Analysis: The popular CMS has become a prime target, here’s why.
The recent hack of the Reader’s Digest website was the latest in a growing line of security incidents on websites built on the popular WordPress Content Management System (CMS).
David Emm, senior security researcher at Kaspersky Lab, said of the attack: "This year there’s been a number of situations with WordPress actually. It certainly wouldn’t be the first time."
Jérôme Segura of Malwarebytes, who uncovered the Readers’ Digest hack, told CBR that the attack itself was not even very sophisticated. "It’s leveraging vulnerabilities in WordPress that have never been patched," he said.
Emm says that there have been "a couple of instances with cross site scripting exploits and I think there’s sort of two aspects to that.
"Firstly if the browser is not up to date, and secondly if they’re not using filtering tools to actually prevent use of the exploit.
"If it’s not filtering user input and it’s allowing the full range of user input then it’s possible actually for an attacker to input HTML into one of those sites, which means somebody else visiting the site, their code executes along with the rest of the web page. So it is possible to filter that down, by limiting what user input is allowed."
With the Readers’ Digest hack specifically, Segura says that "a script was injected into the site" on the WordPress platform. "It’s kind of a three step scenario where you have a piece of code within the Readers’ Digest site, which calls onto an external URL, and that one is acting as an intermediary to the exploit kit. It’s a very simple chain but the pattern are very similar so it was fairly simple to recognise it as distinct because it was using the same patterns."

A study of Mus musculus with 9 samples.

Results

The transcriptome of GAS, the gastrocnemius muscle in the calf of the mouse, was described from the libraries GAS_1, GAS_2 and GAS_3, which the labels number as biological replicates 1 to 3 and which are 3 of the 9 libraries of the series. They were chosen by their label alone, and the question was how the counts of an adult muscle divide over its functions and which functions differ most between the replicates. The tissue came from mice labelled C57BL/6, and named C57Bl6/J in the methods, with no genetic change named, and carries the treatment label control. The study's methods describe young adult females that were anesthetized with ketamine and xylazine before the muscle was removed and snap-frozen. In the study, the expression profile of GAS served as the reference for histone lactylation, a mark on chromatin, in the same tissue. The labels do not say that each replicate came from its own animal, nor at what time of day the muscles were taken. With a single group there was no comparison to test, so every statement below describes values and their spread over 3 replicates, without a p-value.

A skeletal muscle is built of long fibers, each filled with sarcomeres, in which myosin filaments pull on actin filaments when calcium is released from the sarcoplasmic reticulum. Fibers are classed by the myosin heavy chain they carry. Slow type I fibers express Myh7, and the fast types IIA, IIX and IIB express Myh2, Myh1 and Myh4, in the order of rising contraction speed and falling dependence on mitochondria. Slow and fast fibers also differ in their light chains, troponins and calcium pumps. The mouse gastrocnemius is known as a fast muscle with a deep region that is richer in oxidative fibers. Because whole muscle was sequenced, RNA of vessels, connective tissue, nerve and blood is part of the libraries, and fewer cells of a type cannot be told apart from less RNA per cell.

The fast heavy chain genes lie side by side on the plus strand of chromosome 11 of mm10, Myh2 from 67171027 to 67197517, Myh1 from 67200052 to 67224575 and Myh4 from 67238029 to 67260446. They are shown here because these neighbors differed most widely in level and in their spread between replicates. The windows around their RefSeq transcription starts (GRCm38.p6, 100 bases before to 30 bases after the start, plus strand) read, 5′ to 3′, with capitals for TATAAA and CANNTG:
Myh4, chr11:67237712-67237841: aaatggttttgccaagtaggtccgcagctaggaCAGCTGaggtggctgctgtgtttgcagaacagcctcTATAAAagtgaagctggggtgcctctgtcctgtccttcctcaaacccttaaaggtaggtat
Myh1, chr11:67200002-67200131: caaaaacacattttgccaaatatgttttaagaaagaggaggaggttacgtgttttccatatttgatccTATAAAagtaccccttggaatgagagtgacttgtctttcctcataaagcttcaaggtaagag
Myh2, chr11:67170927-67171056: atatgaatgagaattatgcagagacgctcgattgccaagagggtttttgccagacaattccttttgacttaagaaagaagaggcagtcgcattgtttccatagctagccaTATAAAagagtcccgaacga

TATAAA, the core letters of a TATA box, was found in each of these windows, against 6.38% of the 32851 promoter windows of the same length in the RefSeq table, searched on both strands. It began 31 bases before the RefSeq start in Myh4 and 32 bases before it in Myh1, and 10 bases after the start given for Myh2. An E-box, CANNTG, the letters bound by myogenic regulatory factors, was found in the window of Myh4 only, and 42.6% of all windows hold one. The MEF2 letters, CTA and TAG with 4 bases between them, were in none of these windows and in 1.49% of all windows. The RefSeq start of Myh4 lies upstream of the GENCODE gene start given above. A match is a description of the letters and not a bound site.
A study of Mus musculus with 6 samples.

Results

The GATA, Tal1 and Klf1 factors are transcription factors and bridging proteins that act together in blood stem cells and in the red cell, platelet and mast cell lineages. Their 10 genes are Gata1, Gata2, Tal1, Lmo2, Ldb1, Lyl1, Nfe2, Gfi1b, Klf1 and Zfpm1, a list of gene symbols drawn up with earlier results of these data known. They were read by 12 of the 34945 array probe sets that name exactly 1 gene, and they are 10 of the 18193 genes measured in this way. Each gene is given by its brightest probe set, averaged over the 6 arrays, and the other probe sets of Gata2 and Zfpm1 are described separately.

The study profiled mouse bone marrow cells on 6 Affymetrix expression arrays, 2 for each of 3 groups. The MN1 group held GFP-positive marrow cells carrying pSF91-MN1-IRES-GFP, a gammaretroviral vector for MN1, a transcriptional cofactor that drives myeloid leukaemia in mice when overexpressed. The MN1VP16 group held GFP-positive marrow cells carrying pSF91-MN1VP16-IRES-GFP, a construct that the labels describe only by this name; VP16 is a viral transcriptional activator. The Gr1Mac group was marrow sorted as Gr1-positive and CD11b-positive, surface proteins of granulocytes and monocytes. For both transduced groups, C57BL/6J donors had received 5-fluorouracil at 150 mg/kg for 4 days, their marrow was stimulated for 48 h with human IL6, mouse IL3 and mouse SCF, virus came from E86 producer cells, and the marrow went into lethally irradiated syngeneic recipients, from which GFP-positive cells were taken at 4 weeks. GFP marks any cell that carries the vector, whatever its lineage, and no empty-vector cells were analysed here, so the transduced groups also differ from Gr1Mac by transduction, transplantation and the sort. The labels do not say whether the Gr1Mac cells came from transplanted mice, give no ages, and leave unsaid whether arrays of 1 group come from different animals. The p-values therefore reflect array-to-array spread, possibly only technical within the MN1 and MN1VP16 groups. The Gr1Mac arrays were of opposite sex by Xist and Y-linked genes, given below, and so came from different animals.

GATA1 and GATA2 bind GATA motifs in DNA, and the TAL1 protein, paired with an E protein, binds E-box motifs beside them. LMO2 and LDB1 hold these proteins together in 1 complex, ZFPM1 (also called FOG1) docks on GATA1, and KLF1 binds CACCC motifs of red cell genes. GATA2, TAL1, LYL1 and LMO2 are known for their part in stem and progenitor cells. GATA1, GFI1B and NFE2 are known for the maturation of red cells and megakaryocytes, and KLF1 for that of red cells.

Ultimately, WordPress might be a victim of its own success. "The key thing with any piece of code that is commonly used is that you have a pretty wide potential pool of victims, and the other thing is that there’s a strong likelihood with a lot of potential victims that some of them may not have taken steps to secure themselves ," says Emm.
"Wordpress….Joomla these are very popular CMSs, and they’re going to be targeted," says Segura. "I think the problem is in a lot of cases how people use those platforms, use poor security", he adds.
Consequently, both experts think a lot of responsibility lies with individual users, who need to better protect themselves. " A few of the site owners that i’ve spoken to, not the Readers Digest, admitted they were late on patching and their site got hacked," say Segura.
Open source CMSs like WordPress have fantastic flexibility, which makes them incredibly popular. It might not entirely be their fault, but it gives hackers lots of opportunities to take advantage. Until people take responsibility for their own sites, that problem will never go away.